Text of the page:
Many Black Nationalists like myself talk about building a nation… This sounds like a noble task, but what does it mean, and what factors does doing so involve? These are the type of high-level questions serious Nationalists must debate/discuss in the 21st century as we struggle to survive and emancipate ourselves from the United States empire. This essay will briefly outline these concerns.
First, what is a nation? The word derives from the Latin term “Natio,” which describes people, tribe or kin.” in a modern sense, a nation is a large group of people that share a common language, culture, geography, kinship, historical experience, etc..
By that definition, Blacks in the U. S.. constitute a nation (albeit a dormant one). Clearly our definition needs expansion.
A modern nation is no mere grouping of similar people with similar values and interests within common geographic boundaries. Nations as we know them, have formal governing structures, and a common historical narrative, along with official institutions that regulate, monitor and enforce economic, defense, political and social operations.
We can agree that all of these national operations, while tangible, are in effect, based on philosophical and theoretical concepts. Of course, political pundits and corporate media networks will never concede this point. They want us all to drink the red/white/blue Kool-aid and believe that capitalism, the two-party Democratic Republican system, and the U.S. methods of education, healthcare, and justice are innate and organic. Lies. In truth, all of these are ideas and philosophies developed by white economists and political scientists which the nation adopted, utilized and sold to citizens as indisputable truths.
Those who speak of nation-building must develop new theories or modify existing ones. We must give serious thought to a number of issues, some of which I outline below. This abbreviated outline demonstrates just how complex and intricate is the project of creating a new nation. As you read over this, think about all the time we waste debating non-productive matters, when we have more crucial issues pending.
-How do we create a system of training competent doctors, nurses, paramedics and other medical professionals?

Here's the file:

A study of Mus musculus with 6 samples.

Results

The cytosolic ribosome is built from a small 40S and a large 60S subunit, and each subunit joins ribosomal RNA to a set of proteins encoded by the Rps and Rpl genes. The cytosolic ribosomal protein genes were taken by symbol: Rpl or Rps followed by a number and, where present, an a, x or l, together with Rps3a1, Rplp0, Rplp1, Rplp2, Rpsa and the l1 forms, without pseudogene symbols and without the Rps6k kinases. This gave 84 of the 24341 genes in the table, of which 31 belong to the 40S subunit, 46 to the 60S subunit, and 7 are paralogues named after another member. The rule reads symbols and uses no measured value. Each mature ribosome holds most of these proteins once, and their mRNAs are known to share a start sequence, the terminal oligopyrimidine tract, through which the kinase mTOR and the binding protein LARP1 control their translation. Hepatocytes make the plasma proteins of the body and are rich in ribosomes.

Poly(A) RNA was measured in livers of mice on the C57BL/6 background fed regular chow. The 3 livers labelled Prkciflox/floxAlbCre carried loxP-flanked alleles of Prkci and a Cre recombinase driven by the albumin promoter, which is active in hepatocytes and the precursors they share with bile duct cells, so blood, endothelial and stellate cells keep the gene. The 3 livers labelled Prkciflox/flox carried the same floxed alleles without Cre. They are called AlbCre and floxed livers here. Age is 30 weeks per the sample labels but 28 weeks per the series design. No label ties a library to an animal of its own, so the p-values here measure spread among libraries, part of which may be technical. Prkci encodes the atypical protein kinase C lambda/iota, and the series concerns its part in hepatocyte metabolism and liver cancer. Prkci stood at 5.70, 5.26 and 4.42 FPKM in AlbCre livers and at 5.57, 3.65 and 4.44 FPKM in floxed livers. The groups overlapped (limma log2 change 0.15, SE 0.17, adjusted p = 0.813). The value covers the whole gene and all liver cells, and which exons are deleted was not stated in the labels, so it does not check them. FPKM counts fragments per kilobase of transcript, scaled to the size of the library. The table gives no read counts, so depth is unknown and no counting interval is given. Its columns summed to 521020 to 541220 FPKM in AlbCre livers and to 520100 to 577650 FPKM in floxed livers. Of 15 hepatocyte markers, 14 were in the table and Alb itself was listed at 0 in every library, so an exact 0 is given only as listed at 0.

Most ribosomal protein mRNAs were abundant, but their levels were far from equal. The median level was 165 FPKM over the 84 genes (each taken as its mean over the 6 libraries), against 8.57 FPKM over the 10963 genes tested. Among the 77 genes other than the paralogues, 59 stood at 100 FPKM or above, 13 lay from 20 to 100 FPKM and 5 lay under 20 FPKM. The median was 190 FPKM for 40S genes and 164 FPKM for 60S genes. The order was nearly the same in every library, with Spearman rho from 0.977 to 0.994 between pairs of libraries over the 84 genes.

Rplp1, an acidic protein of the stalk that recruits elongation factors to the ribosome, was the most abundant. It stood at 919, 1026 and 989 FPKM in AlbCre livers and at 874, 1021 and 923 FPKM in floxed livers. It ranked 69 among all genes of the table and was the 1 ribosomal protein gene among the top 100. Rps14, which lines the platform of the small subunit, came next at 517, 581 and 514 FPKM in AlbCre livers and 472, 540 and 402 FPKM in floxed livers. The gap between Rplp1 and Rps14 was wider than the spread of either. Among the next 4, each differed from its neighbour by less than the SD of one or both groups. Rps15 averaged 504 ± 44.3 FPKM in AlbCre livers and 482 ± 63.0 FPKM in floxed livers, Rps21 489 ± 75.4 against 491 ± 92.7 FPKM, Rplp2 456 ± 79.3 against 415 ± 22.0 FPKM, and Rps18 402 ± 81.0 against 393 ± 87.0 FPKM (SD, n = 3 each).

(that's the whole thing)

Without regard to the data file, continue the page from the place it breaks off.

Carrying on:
-We must create a network of hospitals, clinics and pharmacies.
-How do we coordinate communications between them?
-How do we make sure all citizens have adequate and affordable (or free) healthcare?
-How will our government be structured?
-what are the officers and their responsibilities?
-How do we guard against corruption?
-How and how often are leaders elected?
-What economic system do we use?
-How form of currency do we use, if any?
-How do we care for the indigent, elderly and disabled?
-Do we tax citizens and if so, how much and for what purposes?
-What are the natural resources at our disposal? How do we access and use these resources?
-How do we prevent or address hunger, homelessness and severe poverty?
– What curriculum(s) do we use?
-how do we identify suitable educational materials?
-What system do we create to recruit and train competent teachers?
-How do we fund and evaluate schools?
-Do we use a public, private or mixed system of education?
-How do we assist students with learning disabilities or academic deficiencies?
These are just a few general topics and questions.. We haven’t addressed law, agriculture, foreign policy, housing, national defense or employment.
The point is that nation building is a complex process requiring sound theory and the creation of effective systems for millions of people… In addition to these things, we also must address how to promote shared national values and a national culture.
One day soon – after our irrelevant debates and often fundamentalist posturing subsides – we will get to the serious work of nation building.
Agyei Tyehimba is an educator, activist and author from Harlem, N.Y. Agyei is a former NYC public schoolteacher, co-founder of KAPPA Middle School 215 in the Bronx, NY, and co-author of the Essence Bestselling book, Game Over: The Rise and Transformation of a Harlem Hustler, published in 2007 by Simon & Schuster. In 2013, he wrote The Blueprint: A BSU Handbook, teaching Black student activists how to organize and lead. In April of 2014, he released Truth for our Youth: A Self-Empowerment Book for Teens. Agyei has appeared on C-Span, NY1 News, and most recently on the A&E documentary, “The Mayor of Harlem: Alberto ‘Alpo’ Martinez.” Currently, Agyei is a member of the Black Power Cypher, five Black men with organizing backgrounds, who host a monthly internet show addressing issues and proposing solutions. He runs his own business publishing books, public speaking, and teaching Black people how to organize and fight for empowerment.
Agyei earned his Bachelor’s Degree in sociology from Syracuse University, his Master’s Degree in Africana Studies from Cornell University, and his Master’s Degree in Afro-American Studies from the University of Massachusetts at Amherst.
If you are interested in bringing Agyei to speak or provide consultation for your organization, please contact him at firstname.lastname@example.org.